Food comes down what you are willing to pack and carry all day, weekend, or week. From freezing a steak to have thawed and ready the first night to freeze-dried meals, there are a lot of choices available. Some backpackers buy the raw ingredients to make their own version of dehydrated meals. Others don’t want to spend the time and rather purchase freeze-dried meals for the extra cost. Others are all about the flavor and don’t care about the weight. Whatever the choice, you just need to experiment. The key is getting the most calories per ounce, good taste, and yet keeping the weight of the food down.
Every Day Food (Almost)
If you just want a simple list with common foods you can find at a local grocery story, this paragraph is for you. A gentlemen by the name of Eric at Eric the Black’s Backpacking Blog came up with a great 5 day meal plan if you are not wanting to go freeze-dried or “make your own” food (i.e. dehydrating meals, spices, etc.). He breaks down what to bring, how much calories is in each meal/snack, and when you eat them. It all weighs about 10 lbs. and you ingest 2 lbs. of food each day. Worth looking into if you have an ultralight backpacking set up and want to splurge on the food. For those conscious about organics, you’ll need to substitute a lot of what is listed out with an organic version.
Not interested in Eric’s way? No problem. Simply plan out what you are going to eat each day and go to the grocery story. I once went on an over night trip where we splurged for sure. We packed in steaks, lamb, chocolate, potatoes, cheese, bread, and a bottle of wine. Dinner and breakfast was awesome. It was an overnight trip so “suffering” for a few hours was worth the delicious dinner and breakfast. We were also only 3 miles from the truck.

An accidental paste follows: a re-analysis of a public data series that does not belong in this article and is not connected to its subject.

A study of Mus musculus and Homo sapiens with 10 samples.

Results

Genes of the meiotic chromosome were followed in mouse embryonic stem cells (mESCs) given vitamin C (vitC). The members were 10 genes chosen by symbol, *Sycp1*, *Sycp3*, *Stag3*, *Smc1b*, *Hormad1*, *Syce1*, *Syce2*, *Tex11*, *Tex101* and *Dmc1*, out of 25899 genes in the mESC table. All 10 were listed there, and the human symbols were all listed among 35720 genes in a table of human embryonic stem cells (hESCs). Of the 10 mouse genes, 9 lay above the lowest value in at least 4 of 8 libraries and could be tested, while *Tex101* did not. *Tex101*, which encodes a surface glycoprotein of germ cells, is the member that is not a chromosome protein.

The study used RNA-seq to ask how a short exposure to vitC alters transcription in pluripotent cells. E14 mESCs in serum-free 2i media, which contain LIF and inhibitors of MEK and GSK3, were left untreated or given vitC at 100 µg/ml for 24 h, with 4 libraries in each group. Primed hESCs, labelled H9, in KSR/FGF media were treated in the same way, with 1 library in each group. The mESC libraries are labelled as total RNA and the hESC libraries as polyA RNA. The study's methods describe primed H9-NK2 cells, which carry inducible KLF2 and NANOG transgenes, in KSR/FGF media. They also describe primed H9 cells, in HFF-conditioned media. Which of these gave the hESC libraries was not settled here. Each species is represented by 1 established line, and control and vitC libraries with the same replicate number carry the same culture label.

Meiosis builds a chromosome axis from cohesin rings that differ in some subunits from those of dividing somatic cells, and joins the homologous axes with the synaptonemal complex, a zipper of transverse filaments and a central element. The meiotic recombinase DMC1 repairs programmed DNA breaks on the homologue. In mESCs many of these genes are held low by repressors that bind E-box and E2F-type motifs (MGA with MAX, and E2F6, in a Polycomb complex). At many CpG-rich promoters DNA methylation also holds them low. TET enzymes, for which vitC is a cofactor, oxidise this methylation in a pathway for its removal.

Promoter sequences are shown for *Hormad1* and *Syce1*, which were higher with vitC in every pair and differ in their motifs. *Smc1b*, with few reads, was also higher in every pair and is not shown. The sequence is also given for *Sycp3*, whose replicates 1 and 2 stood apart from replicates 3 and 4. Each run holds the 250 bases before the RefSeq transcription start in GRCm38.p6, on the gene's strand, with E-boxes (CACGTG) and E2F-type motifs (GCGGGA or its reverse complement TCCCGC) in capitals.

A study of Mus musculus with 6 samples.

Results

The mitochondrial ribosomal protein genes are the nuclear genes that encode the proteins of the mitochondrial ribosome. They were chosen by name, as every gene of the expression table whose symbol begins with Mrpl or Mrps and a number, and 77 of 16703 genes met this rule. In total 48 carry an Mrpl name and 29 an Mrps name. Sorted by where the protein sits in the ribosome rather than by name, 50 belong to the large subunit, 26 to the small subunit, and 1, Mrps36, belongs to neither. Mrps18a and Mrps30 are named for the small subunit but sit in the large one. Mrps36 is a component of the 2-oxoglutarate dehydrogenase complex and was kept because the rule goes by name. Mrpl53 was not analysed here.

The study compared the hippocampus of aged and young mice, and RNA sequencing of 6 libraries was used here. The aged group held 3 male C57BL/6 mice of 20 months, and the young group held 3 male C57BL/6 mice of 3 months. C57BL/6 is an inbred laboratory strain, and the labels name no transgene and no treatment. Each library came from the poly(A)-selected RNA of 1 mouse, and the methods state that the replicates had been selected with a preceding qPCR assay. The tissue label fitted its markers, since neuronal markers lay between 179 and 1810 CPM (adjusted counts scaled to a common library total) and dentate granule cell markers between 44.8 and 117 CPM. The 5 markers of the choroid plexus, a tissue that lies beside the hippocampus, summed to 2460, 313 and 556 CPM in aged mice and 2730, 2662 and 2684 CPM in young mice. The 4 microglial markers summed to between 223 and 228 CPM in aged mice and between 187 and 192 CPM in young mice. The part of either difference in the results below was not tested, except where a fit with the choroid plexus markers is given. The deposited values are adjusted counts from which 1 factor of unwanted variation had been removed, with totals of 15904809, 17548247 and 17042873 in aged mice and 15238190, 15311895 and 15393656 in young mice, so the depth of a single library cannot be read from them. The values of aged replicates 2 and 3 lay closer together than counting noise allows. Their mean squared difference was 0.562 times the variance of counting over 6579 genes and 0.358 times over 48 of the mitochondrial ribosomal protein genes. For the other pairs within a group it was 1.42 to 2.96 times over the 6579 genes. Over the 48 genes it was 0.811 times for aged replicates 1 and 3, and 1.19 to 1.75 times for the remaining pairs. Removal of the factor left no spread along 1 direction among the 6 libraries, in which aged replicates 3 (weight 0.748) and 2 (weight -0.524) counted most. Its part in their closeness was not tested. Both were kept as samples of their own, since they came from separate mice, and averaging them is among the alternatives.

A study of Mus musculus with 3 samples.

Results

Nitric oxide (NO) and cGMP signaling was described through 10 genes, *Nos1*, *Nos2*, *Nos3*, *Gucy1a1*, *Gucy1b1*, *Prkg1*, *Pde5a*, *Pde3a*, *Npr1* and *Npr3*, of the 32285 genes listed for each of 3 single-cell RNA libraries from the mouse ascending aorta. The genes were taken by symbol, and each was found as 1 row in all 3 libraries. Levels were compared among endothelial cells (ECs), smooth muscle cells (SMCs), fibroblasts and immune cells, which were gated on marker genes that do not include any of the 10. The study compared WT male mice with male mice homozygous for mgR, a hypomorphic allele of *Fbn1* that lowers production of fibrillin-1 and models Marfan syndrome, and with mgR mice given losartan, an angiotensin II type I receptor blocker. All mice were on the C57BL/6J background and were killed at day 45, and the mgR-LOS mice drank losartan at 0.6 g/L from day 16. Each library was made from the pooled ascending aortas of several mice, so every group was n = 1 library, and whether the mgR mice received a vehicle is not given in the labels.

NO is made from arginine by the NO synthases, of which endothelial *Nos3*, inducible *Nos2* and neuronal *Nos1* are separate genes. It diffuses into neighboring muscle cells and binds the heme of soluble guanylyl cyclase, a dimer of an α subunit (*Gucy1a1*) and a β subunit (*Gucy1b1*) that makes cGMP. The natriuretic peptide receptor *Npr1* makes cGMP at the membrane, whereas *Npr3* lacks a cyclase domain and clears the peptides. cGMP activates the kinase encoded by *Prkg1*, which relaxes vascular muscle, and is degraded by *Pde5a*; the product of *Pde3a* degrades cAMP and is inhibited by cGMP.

Make Your Own
I have never made my own food other than a trail mix. I cannot vouch for how dehydrating food works and tastes. There are a lot of people out there that do this to save money and make sure they know what is exactly in their food. If you would like to try this route, head on over to Backpacking Chef website. Lot of great recipes and techniques to dehydrate your own backpacking food.
Buying Freeze Dried
Freeze dried meals is what I typically go for. They are light weight, time-saving, but costs are a little higher than the previous food method above. I tried Backpacker’s Pantry and Mountain House freeze-dried meals. All tasted quite delicious and super convenient. I had them for my dinner meals because they require boiling water. Once the water is boiling you put it in the bag of freeze-dried food. Next stir and let the bag sit sealed for about 10 minutes. Your food will ready to eat. Pretty simple, but they do tend to cost more than making your own food. However, the time you save may be more valuable to you. I really enjoyed these for a few years.
The first few trips I enjoyed freeze-dried meals, but was tired of high salt and ingredients I didn’t know how to pronounce correctly. I wanted something similar and was leaning towards making my own dehydrated meals. This is where I stumbled on Mary Jane’s Outpost in a Backpacker magazine. All her freeze-dried backpacking food is organic. Just like the other two companies, you add boiling water, stir, and let sit. The added bonus is you can burn the bag in the fire and it won’t leave fragments behind or be unsafe for the environment. It sounded to good to be true, so I decided to order some for a weekend trip. Wow was I amazed! The meals were so delicious that when I arrived home I redid my week-long trip food plan. The cost was about the same or cheaper, in some cases, then Backpacker’s Pantry and Mountain House. Give the Bare Burrito a try!